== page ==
Show me a ranking system and I’ll show you a way to “game the system” to manipulate the apparent results. You see this with sales quotas, annual bonus plans, emergency room waiting targets… it’s often easier to manipulate the system than it is to really improve the process (credit to Dr. Donald Wheeler for that gem in his classic book Understanding Variation: The Key to Managing Chaos.
The most recent case I’ve seen in the news was about Baylor University. Apparently, they paid H.S. seniors who were already accepted to the university to RE-TAKE the SAT (aiming for a higher score). These seniors (they had actually already graduated) were offered a $300 bookstore credit for their troubles.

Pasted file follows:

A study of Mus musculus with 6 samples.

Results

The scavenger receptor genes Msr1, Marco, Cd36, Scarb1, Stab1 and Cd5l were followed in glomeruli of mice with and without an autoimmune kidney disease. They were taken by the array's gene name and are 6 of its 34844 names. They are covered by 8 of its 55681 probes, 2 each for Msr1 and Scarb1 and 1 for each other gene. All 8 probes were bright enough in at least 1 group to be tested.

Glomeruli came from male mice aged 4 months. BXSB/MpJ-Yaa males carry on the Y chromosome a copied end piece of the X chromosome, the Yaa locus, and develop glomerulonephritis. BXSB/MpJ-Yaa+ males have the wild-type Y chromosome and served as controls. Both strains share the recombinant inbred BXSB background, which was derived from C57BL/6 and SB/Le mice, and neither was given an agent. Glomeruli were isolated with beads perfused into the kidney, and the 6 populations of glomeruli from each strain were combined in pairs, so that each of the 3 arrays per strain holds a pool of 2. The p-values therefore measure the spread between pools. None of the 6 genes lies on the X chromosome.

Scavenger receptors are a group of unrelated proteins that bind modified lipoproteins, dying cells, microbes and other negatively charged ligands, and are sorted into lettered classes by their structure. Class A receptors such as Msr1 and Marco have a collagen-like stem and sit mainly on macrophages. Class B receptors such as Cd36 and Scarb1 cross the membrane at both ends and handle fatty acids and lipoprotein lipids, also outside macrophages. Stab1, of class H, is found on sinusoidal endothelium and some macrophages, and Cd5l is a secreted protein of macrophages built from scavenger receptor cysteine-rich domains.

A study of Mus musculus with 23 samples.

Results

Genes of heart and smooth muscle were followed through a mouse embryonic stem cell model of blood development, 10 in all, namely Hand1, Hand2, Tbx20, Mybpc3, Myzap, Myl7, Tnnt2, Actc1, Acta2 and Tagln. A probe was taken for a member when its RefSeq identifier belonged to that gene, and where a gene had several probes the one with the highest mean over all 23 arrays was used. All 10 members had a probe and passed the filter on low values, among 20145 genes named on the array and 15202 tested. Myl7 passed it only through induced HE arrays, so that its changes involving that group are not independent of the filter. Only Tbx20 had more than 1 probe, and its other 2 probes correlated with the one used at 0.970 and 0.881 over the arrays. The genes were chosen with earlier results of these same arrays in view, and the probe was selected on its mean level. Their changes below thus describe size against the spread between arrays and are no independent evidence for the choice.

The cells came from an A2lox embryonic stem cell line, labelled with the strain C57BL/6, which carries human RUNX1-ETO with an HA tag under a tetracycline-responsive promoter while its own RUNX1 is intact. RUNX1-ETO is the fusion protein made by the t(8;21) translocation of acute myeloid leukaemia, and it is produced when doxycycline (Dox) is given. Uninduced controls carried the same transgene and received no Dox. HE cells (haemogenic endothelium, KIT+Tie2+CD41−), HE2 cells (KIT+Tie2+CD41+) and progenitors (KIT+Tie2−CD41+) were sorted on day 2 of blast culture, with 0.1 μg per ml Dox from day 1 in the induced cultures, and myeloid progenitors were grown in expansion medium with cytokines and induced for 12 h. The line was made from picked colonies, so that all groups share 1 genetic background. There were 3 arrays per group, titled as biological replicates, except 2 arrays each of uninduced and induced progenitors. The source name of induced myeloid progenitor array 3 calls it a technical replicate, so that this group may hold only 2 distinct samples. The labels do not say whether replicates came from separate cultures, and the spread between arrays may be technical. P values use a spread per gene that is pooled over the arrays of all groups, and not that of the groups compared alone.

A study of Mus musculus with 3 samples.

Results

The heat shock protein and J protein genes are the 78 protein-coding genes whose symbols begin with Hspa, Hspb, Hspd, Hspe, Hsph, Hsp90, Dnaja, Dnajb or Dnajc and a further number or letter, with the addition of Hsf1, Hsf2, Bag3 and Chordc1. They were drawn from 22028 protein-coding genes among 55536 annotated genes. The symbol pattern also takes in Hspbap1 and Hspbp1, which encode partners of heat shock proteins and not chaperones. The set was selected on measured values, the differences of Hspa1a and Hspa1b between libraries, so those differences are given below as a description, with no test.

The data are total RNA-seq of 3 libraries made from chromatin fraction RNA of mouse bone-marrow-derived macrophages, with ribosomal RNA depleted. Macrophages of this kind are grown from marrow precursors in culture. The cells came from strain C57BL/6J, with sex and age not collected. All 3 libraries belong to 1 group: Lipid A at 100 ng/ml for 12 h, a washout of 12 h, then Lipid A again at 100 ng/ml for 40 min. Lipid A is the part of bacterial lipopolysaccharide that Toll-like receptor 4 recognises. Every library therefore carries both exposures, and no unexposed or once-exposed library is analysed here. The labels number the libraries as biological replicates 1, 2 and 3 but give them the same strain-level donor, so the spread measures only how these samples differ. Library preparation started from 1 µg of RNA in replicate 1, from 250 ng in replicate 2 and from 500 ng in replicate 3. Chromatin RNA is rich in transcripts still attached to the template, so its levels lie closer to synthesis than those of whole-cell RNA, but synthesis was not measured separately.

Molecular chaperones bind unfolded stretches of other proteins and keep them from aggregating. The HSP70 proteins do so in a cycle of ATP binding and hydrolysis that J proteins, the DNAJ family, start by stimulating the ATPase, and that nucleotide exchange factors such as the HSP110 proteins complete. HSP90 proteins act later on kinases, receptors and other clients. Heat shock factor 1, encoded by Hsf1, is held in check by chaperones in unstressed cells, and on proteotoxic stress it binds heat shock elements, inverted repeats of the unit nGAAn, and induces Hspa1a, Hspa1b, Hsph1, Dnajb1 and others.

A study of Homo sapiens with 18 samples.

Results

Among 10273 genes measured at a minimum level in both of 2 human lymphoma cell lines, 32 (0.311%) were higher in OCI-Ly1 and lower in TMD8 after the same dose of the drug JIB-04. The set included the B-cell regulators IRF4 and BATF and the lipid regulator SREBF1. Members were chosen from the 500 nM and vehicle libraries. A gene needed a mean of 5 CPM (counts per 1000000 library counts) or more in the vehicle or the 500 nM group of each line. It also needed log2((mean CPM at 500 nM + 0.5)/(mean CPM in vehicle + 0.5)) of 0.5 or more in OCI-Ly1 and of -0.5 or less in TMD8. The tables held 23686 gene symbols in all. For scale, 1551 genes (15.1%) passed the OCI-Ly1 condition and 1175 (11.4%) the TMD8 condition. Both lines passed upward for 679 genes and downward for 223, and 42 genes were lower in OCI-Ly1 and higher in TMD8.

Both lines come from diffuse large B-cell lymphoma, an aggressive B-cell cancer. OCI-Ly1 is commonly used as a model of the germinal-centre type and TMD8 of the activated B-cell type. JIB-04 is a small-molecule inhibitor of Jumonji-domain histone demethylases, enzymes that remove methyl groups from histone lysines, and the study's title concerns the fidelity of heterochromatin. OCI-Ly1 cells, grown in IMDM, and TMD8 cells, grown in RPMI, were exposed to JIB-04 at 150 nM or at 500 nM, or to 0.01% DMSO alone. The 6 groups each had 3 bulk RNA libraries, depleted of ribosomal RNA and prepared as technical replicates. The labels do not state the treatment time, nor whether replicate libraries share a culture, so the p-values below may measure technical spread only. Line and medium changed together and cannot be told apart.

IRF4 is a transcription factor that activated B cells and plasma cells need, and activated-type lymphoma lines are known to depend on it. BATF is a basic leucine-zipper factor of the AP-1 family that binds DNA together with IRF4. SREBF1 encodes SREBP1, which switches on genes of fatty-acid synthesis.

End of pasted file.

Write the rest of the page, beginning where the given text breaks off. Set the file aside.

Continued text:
Higher score –> Better U.S. News and World Report college rankings
Not setting a good example, are they, the university leaders? An outside critic says:
“This is a straightforward, cynical attempt to manipulate test score averages to boost Baylor’s rankings,” Mr. Schaeffer said. “This is a perfect example of what Nacac warned about in their report.”
Some students are very critical:
“I think the people who put forth this decision completely compromised what they say Baylor is about: its Christian values, the integrity of Baylor, the integrity of Baylor 2012,” Mr. Gawrieh said in a telephone interview.
A university spokesman gives a weasel-y non-answer to a direct question:
Asked whether the decision was motivated at all by the college rankings, Mr. Barry responded: “Every university wants to have great SAT scores. Every university wants to be perceived as having a high-quality class. We all wanted that. Were we happy our SAT scores went up? Yes. Did our students earn their scores? Yes they did.”
We need to expect more from our educators. Of course, a cynical view could say that teaching students how to game the system will serve them well in the working world… or academia!